DeAndre Jordan is looking forward to free agency this summer, and why shouldn’t he?
He’ll be coming off a career season and in line for a max contract .
And with the salary cap set to skyrocket in the summer of 2016, teams should be willing to spend this summer.
Jordan will have options galore.
One of them: Signing a one-year deal and waiting to sign long-term until the new national TV contracts kick in the following summer. He says he won’t go that route, though.
Jordan, via Arash Markazi of ESPN:
“I’m not going to be greedy and sign a one-year deal,” Jordan said. “Nah. I’m just focused on getting it over with and focusing on playing again. I’m just trying to win here.”
Here’s a projection of how much Jordan would earn by:
- Signing a five-year max contract with the Clippers this summer (blue)
- Signing a one-year max contract with the Clippers and then re-signing for the five-year max in 2016 (red)
|Year||Five-year max||One-year max + Five-year max|
Signing a one-year deal this summer could obviously be much more lucrative for Jordan.
However, there are other factors to consider.
Most notably, Jordan might not draw a max offer in 2016. He could get hurt or his production could slip. Taking the money now is definitely the safest route.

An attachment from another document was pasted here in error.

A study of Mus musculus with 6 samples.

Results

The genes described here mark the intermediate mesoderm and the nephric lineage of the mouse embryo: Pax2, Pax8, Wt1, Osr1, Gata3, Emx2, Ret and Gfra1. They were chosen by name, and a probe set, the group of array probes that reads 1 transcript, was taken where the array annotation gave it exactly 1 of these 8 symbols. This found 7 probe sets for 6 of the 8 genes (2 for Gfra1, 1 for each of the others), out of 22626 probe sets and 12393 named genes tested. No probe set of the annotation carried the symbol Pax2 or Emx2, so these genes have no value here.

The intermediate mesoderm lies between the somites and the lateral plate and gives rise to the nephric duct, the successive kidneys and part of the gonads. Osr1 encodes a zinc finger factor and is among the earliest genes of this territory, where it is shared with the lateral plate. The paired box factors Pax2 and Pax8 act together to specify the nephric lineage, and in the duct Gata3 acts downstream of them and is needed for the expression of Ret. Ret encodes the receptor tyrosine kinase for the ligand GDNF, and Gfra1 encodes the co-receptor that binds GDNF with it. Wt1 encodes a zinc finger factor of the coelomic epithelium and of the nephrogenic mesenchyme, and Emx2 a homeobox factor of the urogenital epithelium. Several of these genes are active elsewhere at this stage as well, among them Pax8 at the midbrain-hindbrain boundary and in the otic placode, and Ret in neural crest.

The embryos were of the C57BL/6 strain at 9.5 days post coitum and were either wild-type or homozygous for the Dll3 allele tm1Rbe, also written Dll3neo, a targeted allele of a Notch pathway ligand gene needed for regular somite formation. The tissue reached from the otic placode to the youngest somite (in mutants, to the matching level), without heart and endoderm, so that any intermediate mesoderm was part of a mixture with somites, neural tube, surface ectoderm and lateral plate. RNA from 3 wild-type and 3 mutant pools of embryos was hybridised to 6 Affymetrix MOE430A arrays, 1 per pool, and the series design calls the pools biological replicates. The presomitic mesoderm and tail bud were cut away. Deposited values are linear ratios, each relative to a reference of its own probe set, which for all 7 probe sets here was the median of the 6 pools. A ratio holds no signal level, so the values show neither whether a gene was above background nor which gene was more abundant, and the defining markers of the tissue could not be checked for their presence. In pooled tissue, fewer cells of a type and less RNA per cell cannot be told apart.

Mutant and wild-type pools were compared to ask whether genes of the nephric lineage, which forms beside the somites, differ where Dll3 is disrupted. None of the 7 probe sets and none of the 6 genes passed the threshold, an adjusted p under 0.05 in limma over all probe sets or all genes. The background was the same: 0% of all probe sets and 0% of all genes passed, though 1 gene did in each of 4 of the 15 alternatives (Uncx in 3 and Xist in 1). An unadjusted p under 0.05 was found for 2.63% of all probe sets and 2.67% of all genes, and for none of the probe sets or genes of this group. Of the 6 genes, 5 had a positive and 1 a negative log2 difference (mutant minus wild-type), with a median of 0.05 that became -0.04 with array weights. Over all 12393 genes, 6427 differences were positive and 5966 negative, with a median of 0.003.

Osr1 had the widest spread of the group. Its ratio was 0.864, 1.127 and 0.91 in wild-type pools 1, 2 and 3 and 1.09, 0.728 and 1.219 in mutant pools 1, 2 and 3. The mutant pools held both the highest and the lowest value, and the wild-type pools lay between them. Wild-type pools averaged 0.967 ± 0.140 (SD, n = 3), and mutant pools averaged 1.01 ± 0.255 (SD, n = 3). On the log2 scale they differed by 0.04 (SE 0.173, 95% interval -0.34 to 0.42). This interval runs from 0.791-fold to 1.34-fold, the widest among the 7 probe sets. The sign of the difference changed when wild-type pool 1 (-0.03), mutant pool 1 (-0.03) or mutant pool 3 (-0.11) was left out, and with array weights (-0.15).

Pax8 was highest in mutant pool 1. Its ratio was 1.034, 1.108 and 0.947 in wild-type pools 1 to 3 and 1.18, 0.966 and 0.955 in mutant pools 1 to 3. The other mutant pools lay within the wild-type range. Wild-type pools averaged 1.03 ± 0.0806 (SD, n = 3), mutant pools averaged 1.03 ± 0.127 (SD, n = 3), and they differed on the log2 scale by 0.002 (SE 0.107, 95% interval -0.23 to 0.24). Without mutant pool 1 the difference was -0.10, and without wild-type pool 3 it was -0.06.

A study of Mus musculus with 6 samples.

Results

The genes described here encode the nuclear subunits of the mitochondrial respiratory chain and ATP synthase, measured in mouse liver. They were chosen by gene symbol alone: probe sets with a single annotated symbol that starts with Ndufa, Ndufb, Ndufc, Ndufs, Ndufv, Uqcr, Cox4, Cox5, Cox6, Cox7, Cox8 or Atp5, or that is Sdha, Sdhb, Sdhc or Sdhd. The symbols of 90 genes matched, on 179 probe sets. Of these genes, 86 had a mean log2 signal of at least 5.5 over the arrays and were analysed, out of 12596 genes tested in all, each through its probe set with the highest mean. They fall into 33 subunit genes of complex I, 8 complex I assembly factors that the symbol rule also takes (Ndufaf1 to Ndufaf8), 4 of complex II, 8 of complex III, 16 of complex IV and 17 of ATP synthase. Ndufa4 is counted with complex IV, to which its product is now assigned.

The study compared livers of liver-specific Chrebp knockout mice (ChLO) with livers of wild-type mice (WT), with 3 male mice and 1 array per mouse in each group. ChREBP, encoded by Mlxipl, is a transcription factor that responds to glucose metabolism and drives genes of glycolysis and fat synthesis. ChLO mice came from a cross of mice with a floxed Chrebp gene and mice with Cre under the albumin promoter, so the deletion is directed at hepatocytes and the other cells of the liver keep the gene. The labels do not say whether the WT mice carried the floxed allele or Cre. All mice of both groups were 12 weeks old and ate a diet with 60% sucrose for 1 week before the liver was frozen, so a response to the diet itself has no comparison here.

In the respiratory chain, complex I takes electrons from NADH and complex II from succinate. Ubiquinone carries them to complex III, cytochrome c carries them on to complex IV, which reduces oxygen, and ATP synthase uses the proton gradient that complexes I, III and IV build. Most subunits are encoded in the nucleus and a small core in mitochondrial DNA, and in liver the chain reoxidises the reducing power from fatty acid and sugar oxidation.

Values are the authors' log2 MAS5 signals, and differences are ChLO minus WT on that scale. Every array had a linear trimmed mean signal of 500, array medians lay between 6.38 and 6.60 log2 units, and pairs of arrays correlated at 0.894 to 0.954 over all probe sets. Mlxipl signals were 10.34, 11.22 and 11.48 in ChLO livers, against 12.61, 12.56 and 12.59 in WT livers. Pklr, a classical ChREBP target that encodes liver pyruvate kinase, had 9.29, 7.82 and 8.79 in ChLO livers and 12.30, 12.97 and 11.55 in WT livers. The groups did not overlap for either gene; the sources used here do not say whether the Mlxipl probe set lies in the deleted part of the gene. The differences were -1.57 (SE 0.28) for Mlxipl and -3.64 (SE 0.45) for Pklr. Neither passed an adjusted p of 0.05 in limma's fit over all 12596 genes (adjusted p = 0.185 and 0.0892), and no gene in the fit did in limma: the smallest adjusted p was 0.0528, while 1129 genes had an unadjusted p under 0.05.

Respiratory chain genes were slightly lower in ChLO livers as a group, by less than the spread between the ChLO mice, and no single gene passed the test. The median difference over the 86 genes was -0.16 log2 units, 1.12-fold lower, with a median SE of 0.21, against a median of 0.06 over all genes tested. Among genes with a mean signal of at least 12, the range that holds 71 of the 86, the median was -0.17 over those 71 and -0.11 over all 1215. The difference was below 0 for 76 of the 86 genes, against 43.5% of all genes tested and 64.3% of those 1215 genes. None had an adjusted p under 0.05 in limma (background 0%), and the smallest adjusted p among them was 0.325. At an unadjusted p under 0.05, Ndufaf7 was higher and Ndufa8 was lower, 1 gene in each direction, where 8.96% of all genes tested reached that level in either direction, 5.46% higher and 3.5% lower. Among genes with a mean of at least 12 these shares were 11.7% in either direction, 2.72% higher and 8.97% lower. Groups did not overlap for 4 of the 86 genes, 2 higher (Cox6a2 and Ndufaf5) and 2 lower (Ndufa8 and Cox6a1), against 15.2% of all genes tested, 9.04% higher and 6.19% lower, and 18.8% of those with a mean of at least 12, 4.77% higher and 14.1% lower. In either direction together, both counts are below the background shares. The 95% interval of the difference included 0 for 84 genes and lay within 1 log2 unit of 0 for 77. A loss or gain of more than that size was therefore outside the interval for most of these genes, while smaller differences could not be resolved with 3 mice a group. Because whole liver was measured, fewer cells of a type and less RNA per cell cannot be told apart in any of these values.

Jordan would also be in line for a new contract at age 31 rather than age 32 by signing a five-year deal this summer. Obviously, many variables will come into play between now and then. But the odds definitely favor Jordan being worth more at 31 than 32.
While Jordan’s decision comes down to his priorities, this is a more clear win for the Clippers (at least if they re-sign Jordan).
They already have major money committed to Chris Paul and Blake Griffin through 2018, and J.J. Redick and Spencer Hawes have decent-sized contracts that run two and three more years, respectively. Plus, cap hits for the waived Jordan Farmar, Carlos Delfino and Miroslav Raduljica add up.
Long story short, if the Clippers had to worry about paying Jordan new-TV max money, it could take them deep into the luxury tax. Locking him up on an old-TV deal limits their risk.